Federal Hourly Minimum Wage increased to $7.25
WASHINGTON, D.C., July 24, 2009: The federal minimum wage has increased to $7.25 an hour for workers who are covered by the Fair Labor Standards Act (FLSA). Congress in 2007 approved the minimum wage increase in three increments. Prior to the increase, the minimum wage was $6.55 an hour.
U.S. Rep. Marcy Kaptur (D-OH) supported the minimum wage increase, which passed the House with bipartisan support (348-73) as part of an emergency supplemental appropriations bill in May 2007.
An employee who works 40 hours a week at the federal minimum wage would now gross $15,080 a year. Secretary of Labor Hilda Solis noted that two thirds of U.S.-America's minimum-wage workers are women. A family with a full-time minimum wage earner would see its monthly income increase by approximately $120.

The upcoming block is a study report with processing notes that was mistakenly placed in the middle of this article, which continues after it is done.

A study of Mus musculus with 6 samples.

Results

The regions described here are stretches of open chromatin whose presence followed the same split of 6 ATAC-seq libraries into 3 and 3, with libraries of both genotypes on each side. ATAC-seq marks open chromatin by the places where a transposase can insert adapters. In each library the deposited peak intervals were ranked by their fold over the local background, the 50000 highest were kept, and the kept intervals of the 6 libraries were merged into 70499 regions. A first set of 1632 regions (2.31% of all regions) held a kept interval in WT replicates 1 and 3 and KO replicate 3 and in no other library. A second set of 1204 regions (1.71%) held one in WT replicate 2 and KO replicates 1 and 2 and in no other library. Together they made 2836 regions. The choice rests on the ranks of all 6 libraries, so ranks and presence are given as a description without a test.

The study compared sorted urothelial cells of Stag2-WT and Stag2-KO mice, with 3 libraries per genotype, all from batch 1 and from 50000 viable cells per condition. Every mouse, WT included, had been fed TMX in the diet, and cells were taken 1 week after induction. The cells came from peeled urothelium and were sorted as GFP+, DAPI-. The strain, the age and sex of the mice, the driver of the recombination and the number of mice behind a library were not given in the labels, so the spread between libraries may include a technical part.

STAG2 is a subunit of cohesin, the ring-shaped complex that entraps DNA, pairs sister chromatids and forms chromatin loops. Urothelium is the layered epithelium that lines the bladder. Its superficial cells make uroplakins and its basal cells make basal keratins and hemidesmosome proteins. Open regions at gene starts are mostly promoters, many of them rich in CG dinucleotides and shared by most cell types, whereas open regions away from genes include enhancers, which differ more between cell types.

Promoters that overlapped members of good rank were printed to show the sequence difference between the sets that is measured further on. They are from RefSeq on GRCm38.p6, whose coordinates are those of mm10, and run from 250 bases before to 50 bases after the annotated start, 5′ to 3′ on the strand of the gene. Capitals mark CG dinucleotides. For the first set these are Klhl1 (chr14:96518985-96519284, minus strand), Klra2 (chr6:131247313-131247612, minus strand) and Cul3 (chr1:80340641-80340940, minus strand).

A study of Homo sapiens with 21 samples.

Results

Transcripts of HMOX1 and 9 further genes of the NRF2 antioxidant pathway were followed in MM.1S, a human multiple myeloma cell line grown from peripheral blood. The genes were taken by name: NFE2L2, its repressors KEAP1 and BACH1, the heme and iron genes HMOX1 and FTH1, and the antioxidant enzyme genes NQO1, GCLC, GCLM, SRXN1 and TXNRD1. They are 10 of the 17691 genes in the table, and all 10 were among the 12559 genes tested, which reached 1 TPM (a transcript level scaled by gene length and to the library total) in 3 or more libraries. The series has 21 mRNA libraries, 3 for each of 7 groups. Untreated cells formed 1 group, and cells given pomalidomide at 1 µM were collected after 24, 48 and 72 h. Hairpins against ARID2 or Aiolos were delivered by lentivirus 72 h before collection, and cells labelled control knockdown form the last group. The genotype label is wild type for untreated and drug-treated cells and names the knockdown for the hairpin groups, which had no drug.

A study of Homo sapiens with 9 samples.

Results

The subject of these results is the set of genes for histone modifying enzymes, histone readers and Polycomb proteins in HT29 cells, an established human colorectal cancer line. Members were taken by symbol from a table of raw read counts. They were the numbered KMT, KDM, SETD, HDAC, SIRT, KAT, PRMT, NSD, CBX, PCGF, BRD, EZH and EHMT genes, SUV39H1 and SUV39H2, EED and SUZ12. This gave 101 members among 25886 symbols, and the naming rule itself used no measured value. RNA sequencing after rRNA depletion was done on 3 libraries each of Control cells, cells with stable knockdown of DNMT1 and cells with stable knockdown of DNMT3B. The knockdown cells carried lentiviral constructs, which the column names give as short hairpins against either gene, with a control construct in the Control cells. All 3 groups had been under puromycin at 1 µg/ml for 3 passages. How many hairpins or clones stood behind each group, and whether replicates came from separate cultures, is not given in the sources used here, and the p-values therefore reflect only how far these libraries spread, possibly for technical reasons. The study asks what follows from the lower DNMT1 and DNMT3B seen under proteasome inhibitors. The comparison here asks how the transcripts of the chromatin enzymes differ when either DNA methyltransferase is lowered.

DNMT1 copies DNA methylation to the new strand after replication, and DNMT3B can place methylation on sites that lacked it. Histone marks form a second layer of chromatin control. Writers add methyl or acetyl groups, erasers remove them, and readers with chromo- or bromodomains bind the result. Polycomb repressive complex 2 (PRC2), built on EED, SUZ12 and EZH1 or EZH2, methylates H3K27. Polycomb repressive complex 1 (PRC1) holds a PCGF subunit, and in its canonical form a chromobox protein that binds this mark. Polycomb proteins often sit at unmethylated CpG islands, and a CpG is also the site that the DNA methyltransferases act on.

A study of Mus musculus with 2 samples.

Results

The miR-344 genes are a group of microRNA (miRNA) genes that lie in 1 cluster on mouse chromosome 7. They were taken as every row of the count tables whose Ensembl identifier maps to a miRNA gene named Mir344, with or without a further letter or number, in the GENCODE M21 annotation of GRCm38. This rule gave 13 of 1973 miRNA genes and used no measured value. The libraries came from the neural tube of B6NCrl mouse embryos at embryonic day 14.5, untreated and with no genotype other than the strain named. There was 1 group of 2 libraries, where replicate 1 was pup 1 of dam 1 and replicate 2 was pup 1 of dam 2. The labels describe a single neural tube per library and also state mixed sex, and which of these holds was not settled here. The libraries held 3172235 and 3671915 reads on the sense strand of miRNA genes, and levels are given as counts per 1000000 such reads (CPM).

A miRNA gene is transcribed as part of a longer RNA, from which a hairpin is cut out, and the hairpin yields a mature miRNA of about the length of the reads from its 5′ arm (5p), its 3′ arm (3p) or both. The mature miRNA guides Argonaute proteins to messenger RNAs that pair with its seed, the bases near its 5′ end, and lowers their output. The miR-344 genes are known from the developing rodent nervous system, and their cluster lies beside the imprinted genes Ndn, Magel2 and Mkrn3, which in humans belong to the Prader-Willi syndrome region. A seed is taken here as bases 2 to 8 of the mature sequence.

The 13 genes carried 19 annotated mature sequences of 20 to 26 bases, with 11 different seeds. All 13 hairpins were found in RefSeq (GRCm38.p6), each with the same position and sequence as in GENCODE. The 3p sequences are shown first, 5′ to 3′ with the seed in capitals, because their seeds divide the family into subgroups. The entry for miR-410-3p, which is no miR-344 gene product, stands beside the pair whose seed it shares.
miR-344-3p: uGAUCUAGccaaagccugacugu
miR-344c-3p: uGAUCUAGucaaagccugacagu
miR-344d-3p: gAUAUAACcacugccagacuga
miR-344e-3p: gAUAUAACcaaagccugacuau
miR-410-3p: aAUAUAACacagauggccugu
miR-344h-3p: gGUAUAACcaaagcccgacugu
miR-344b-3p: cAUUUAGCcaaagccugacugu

The U.S. Department of Labor reported that millions of workers in 30 states and the District of Columbia will benefit from the wage increase.
The minimum wage in Ohio, established by state law, is $7.35 an hour for non-tipped workers or $3.65 for tipped workers (defined as workers who customarily receive at least $30 a month in tips).
Many states have minimum wage laws with provisions that differ from the federal law. When an employer is subject to both, the employer must pay the higher of the two rates. Employers and employees seeking more compliance information on the increased minimum wage should call the Wage and Hour Division hotline at 800-4US-WAGE (800-487-9243).